As a nation state, Italy has emerged only in 1871. Until then the country was politically divided into a large number of independant cities, provinces and islands. The currently available evidences point out to a dominant Etruscan, Greek and Roman cultural influence on today's Italians.

Postby donnawright » 01 Aug 2011, 21:22

Please clarify if you know. My great grandfather (born 1860) left his home in 1912 for a town nearby. I have a document that names a podere (farm) as his address and his occupation as colono. In the Italian to English Vocabulary Dictionary, colono is defined as below:
The "profession or
condition" word colono is found still in early
19th Century Italian civil registers. Later it
is replaced entirely by agricoltore. Where
colono appears in the civil registers it means
a farmer who works his own land; otherwise the
word proprietario ("land owner") would have been
used.

Do I understand correctly from this that my colono GF farmed his own land? Or was he a tenant farmer in 1912? Did the definition of colono change by early 20th century from owner to tenant? Wondering about this because in 1921 the family left that town and returned to the original home within the same province. Thanks

Postby johnnyonthespot » 01 Aug 2011, 21:30

This site http://freepages.genealogy.rootsweb.ancestry.com/~mmange/itengocc.html lists colono as "Tenant farmer"

This FamilySearch wiki document https://wiki.familysearch.org/en/Italian_Genealogical_Word_List describes it as "farmer, colonist"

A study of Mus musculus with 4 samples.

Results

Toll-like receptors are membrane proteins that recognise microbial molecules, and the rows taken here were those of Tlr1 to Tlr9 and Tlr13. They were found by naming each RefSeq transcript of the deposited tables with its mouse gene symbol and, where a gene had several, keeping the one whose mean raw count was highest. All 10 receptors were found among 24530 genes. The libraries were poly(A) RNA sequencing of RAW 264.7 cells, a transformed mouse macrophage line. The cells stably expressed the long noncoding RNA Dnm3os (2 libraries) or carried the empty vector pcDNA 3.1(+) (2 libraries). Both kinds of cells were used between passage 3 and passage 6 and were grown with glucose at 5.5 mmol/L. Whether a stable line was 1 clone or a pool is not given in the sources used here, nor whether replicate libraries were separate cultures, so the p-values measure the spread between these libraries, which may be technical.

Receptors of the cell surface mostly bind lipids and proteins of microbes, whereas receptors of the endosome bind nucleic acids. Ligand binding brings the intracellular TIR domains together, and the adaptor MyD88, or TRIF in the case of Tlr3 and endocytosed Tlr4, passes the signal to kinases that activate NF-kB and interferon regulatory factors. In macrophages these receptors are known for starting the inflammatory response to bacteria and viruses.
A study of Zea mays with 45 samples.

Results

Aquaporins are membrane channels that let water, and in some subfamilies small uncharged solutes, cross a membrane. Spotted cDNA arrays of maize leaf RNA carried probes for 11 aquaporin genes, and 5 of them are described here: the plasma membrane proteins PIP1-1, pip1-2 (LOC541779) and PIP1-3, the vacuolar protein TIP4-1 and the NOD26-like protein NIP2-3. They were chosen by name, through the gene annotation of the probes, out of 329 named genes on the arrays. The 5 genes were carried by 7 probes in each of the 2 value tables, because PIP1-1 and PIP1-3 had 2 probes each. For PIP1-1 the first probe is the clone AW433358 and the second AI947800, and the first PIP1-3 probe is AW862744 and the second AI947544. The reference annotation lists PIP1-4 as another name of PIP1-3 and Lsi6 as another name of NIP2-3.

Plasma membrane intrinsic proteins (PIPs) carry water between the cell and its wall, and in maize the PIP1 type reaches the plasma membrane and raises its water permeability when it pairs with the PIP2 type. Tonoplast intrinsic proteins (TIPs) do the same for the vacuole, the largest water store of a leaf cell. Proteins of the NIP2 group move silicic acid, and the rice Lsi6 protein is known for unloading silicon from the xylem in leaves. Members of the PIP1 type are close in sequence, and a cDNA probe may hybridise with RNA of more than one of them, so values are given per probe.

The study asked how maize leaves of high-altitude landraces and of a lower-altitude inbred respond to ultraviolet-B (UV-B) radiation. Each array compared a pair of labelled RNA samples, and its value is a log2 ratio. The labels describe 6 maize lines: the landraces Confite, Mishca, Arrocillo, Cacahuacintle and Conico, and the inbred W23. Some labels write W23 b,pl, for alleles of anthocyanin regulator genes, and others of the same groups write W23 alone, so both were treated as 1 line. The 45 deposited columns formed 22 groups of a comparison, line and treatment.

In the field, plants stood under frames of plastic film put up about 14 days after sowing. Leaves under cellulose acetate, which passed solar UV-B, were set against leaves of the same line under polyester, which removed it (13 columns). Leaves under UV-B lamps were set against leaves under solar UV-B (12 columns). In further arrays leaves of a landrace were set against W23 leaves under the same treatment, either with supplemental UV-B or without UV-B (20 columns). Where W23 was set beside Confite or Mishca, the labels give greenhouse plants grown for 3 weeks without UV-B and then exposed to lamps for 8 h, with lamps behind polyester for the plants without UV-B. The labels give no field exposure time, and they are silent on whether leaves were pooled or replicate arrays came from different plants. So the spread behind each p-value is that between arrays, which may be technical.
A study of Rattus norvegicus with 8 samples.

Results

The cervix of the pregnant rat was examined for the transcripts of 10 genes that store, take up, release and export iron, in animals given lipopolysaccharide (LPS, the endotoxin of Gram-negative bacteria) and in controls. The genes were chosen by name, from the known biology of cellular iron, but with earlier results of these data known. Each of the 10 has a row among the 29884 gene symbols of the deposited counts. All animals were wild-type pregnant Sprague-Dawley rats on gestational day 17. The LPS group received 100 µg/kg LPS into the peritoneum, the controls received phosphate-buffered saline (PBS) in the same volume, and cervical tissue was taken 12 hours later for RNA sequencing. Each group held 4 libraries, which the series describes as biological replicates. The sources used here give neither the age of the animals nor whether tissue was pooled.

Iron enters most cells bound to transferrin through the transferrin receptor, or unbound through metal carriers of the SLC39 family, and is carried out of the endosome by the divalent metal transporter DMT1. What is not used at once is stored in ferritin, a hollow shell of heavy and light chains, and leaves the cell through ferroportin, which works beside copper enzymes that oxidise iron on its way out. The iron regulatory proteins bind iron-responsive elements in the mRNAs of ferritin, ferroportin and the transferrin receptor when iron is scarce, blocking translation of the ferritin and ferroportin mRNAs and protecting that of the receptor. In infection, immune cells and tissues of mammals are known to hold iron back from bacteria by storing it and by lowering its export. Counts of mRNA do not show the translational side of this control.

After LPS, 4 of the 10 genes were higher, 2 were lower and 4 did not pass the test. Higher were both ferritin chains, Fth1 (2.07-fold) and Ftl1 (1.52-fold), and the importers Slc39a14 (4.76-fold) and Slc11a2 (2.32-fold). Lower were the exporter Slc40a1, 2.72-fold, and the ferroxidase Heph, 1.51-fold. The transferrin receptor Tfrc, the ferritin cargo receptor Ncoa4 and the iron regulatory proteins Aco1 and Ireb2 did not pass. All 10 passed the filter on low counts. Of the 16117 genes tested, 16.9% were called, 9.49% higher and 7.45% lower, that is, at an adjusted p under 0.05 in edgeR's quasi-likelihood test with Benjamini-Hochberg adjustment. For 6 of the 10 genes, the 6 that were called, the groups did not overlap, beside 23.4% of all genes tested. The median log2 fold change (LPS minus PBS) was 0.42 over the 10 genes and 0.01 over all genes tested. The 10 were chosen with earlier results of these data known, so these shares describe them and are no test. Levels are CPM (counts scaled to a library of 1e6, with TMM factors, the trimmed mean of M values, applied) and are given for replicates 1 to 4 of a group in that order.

Postby donnawright » 01 Aug 2011, 21:36

That's what makes sense to me, given that they uprooted a few years later. What threw me was the 19th century definition where colono is a land owner, but obviously the definition changed within the 100 years.

Postby carmine1917 » 29 Jun 2012, 21:17

So when did Colono change to land owner?

Postby donnawright » 30 Jun 2012, 02:06

Thanks Carmine. I hope I didn't submit this twice, but if I did, forgive me. I typed and then it didn't go through.

The definition that I posted above from the Italian to English Vocabulary Dictionary: word colono is found still in early
19th Century Italian civil registers. Later it
is replaced entirely by agricoltore. Where
colono appears in the civil registers it means
a farmer who works his own land; otherwise the
word proprietario ("land owner") would have been
used.

This tells me that he, the colono, would have been working his OWN land whereas the proprietario is the guy who owned land that others worked for him and he did NOT work his own land at all.

I don't have anyone in the family to ask about land ownership, but if I find someone, I'll post here. What do you think? Land owner? Tenant Farmer? Seen colono defined both ways now.

Postby carmine1917 » 30 Jun 2012, 02:30

I find colono used in Avellino records and contandino in Sicilian records. One relative that was a colono in 1897, also illegitimate came to the USA so I doubt he left his land, but who knows, a lot of people left because they had no irrigation like they do today.